Vaccine supply getting a boost, but demand still vastly outweighs it

Travis Fischer
Eclipse News-Review

The rollout of the COVID-19 vaccine continues across the state as more of the population completes their first round of vaccinations.

"It's really hard to believe that just 46 days ago not a single dose of vaccine had even arrived in Iowa yet," said Governor Kim Reynolds on Wednesday, January 27. "Since then, more than 200,000 vaccines have been administered in Iowa."

Starting on February 1, with the expectation that the bulk of Iowa's front line healthcare workers and long term care staff and residents have at least received their first dose of vaccine, the state has opened the vaccine eligibility up to Iowans 65 and older.

The challenge now is supplying health care providers with enough vaccine to meet demand for the general populous.

At the current rate of allocation, even as the state adds unexpended vaccine supplies from pharmacy companies to their total and works to more efficiently get more doses out of every vial, it will still take several weeks, if not months, to vaccinate just Iowa's senior population.

On the upside, news broke last week that Johnson & Johnson is well on their way to developing a third variant of the COVID-19 vaccine, joining the ranks of Pfizer and Moderna. Developed at Janssen Pharmaceutical Companies, the vaccine trial has shown it to be less effectiveness than its counterparts so far, with an 85% effective rate at preventing severe disease conditions and a 66% effectiveness rate at preventing moderate conditions. However, that it's a single shot vaccine rather than one that requires two doses means that it can be effectively distributed much faster.

Reynolds said that the Janssen vaccine is on track to receive FDA approval next month.

In the meantime, Reynolds has met with representatives from the federal government and brought back welcome news that the state would be seeing a 16% increase in its current vaccine allotment.

"In Iowa, this should equate to an additional 6,300 doses and they did say that the increased amount is guaranteed for the next three weeks," said Reynolds. "I want to remind Iowans that the vaccine supply will still remain limited for quite some time."

In total, as of Sunday, January 31, the State of Iowa has administered 254,043 doses of vaccine to 241,698 residents. This includes 137,942 doses of the Moderna vaccine, which has been distributed to county level public health departments for front line healthcare workers; and 116,101 doses of Pfizer vaccine, which has been used to vaccine long term care facility staff and residents.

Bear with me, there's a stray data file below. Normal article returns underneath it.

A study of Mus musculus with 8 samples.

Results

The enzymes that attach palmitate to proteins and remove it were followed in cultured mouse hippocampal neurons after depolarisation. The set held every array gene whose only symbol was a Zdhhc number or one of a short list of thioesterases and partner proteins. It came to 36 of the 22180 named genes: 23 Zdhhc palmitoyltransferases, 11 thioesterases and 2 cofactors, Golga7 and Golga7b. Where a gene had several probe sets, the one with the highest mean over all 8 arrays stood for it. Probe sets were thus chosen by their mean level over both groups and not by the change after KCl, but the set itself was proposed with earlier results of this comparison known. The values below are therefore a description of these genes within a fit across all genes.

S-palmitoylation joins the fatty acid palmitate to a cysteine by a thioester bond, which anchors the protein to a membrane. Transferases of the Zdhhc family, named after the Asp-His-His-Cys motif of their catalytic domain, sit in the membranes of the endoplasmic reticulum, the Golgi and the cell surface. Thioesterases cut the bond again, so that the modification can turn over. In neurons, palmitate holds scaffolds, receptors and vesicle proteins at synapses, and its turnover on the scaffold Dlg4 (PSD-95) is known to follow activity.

As of Sunday there have been 319,408 confirmed cases of COVID-19 in the state, increasing the 313,139 total from the week prior by 6,269. This continues the downward trend of new cases over the last few weeks. Governor Reynolds stated last week that COVID levels have dropped to a rate that the state hasn't seen since last August.

In the last week, 4% of new cases have been among the elderly (age 80+), 16% among older adults (60-79); 28% among middle aged adults (40-59); 33% among young adults (18-39); and 18% among children.

With 282,319 considered recovered, that leaves roughly 32,188 Iowans currently known to be fighting the disease, a modest but welcome drop in the number of active cases.

Likewise, hospitalizations also continue their downward trend with 368 patients hospitalized as of Sunday, down 15 from the week prior, including 92 in an ICU.

In testing, a total of 3,625,637 COVID-19 tests have now been performed on 1,473,782 individual Iowans since the pandemic began, including 2,497,415 PCR tests and 1,128,222 antigen tests. In the last week, the state has processed 62,607 PCR tests and 60,517.

In addition, 101,461 Iowans have undergone serology testing for coronavirus antibodies, which would indicate that they have had the virus. Of that number, 14,060, about 14%, have tested positive for antibodies.

The percentage of people testing positive for antibodies has dramatically increased over the last two months. After spending months steadily locked in at 6%, the percentage of people testing positive through serology testing started to climb early in December and has more than doubled since then.

Of the 3,510 individuals that have reported serology testing in the last week, 1,249 of them (35%) have tested positive.

Unfortunately, deaths have spiked once again, with 413 added to the state count last week, bringing the total to 4,901.

In total, approximately 2,935 elderly (59.89%); 1,646 older adults (33.59%), 275 middle aged adults (5.63%), 42 young adults (.85%), and at least one child (.04%) have died from the virus since the pandemic began.

Many of the recent deaths belong to the elderly age group, with 149 new deaths reported from long term care facilities this week, bringing the total to 2,009.

The number of facilities reporting outbreaks continues to drop though, with only 55 considered in outbreak status as of Sunday, down 13 from the week prior. These facilities have 1,641 positive cases among residents and staff with 899 considered recovered.